Moshe ha-Darshan

משה הדרשן – Moshe ha-Darshan (11th cen., southern France) was a medieval compiler of midrash. The appellation ha-darshan probably pertains to this activity rather than preaching. He was active during the first half of the 11th century in Narbonne, Provence (southern France)


Moshe ha-Darshan almost certainly headed a beit midrash in his home city, one of the early established Jewish centers in Provence. Under the auspice of that role, attributed to him are collections of midrash that emanate from his school. It has also been suggested that some of the works of his that we have are in actuality abridgements of larger works whose compilation he oversaw.

Students & Legacy

Moshe ha-Darshan is also known as the teacher of Natan b. Yechiel of Rome, who wrote the Aruch, an important early Talmudic lexicon that was much used by Rishonim. Moshe ha-Darshan is cited in the Aruch and relatively frequently in Rashi’s commentaries, from which others cite him as well. Moshe ha-Darshan’s midrash is also frequently cited in the Lekach Tov, a midrashic anthology on Torah and the five megillot written in the late 11th century, and Sekhel Tov, a midrashic anthology written in the early 12th century.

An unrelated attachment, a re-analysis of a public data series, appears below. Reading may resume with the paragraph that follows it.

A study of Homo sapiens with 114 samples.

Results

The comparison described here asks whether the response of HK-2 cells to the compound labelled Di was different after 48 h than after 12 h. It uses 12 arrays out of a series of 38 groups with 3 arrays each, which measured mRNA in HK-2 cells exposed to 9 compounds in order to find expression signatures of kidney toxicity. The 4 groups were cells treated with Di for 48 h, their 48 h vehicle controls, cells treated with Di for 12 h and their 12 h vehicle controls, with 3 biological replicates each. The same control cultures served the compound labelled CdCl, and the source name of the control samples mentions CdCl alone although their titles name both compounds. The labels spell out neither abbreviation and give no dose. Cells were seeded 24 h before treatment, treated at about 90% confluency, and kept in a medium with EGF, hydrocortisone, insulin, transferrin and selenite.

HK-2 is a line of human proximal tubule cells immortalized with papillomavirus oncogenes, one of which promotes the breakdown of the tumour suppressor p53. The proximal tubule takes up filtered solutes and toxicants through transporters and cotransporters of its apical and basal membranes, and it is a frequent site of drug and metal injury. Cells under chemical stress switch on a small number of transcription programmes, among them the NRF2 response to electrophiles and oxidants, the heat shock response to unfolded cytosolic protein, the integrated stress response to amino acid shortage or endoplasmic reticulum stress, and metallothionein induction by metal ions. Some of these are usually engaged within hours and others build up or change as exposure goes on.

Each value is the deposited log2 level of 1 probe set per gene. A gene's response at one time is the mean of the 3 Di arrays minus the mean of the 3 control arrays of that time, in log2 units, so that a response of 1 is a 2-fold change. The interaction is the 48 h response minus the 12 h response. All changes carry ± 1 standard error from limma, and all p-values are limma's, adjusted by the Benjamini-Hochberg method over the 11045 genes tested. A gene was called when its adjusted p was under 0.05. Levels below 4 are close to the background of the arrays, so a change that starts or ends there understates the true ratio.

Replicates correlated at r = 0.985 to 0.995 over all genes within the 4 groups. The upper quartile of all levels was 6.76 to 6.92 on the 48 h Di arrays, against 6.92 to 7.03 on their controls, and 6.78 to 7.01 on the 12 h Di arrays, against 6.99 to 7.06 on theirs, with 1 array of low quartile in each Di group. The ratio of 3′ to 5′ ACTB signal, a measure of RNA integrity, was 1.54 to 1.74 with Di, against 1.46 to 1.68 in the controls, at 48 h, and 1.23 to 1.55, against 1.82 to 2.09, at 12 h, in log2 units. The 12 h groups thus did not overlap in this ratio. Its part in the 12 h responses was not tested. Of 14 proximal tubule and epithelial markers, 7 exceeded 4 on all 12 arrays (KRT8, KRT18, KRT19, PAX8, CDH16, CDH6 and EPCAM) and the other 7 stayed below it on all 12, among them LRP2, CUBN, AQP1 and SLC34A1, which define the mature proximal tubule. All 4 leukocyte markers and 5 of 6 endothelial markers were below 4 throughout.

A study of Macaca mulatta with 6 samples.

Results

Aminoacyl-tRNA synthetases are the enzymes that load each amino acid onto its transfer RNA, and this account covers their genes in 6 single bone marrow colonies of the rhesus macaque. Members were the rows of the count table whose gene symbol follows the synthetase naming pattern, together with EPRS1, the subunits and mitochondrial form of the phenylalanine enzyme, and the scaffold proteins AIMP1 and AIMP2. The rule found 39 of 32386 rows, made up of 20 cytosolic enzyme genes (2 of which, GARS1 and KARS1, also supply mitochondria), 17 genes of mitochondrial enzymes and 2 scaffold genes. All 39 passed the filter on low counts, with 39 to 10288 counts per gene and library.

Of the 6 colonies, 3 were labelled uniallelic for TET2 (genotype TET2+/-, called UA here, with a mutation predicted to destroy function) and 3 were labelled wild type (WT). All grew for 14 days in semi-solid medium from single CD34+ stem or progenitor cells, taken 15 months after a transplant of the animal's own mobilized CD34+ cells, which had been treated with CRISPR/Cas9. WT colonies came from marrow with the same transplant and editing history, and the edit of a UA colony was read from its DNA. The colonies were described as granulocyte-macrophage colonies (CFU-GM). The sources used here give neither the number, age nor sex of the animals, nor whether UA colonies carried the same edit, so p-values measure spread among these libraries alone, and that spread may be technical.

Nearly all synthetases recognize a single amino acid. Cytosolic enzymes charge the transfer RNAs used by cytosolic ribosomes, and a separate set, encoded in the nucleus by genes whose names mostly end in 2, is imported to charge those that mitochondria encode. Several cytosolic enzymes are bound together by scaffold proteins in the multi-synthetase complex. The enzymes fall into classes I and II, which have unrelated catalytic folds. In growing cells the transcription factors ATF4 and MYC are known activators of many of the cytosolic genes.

The work of Moshe ha-Darshan cited by name in Rashi’s commentaries is the Yesod (“Foundation”), which has not come down to us. Israel M. Ta-Shma conjectures that the Yesod was a Tanakh commentary to certain words and phrases.1 Extant today are Midrash Aggadah2 and BeReshit Rabbati 3. The latter is related to, but distinct from, the work of that name cited by Ramon Martí (Raymond Martini) in his late 13th century Christian conversionary manual, the Pugio fidei (Dagger of Faith), which contains many extracts in Hebrew and extensively cites Moshe ha-Darshan. It has also been accepted that in BeMidbar Rabbah, the portions of BeMidbar and Naso come from the school of Moshe ha-Darshan, as well as other smaller Midrash collections.

One of the features that distinguishes Moshe ha-Darshan’s school of midrash is the inclusion of material from Midrash Tadshe, one of the smaller Midrash collections. This material is otherwise known from the Apocrypha and Pseudeipgrapha, ancient Hebrew literature preserved by some Christian groups. Otherwise, the midrash emanating from Moshe ha-Darshan’s circles is largely based on classic sources, expanded and reworked.

  2. Published from the manuscript by Salomon Buber (Vienna, 1894); Part 1 here and Part 2 here.
  3. Published from a unique manuscript by Chanokh Albeck (Jerusalem, 1940).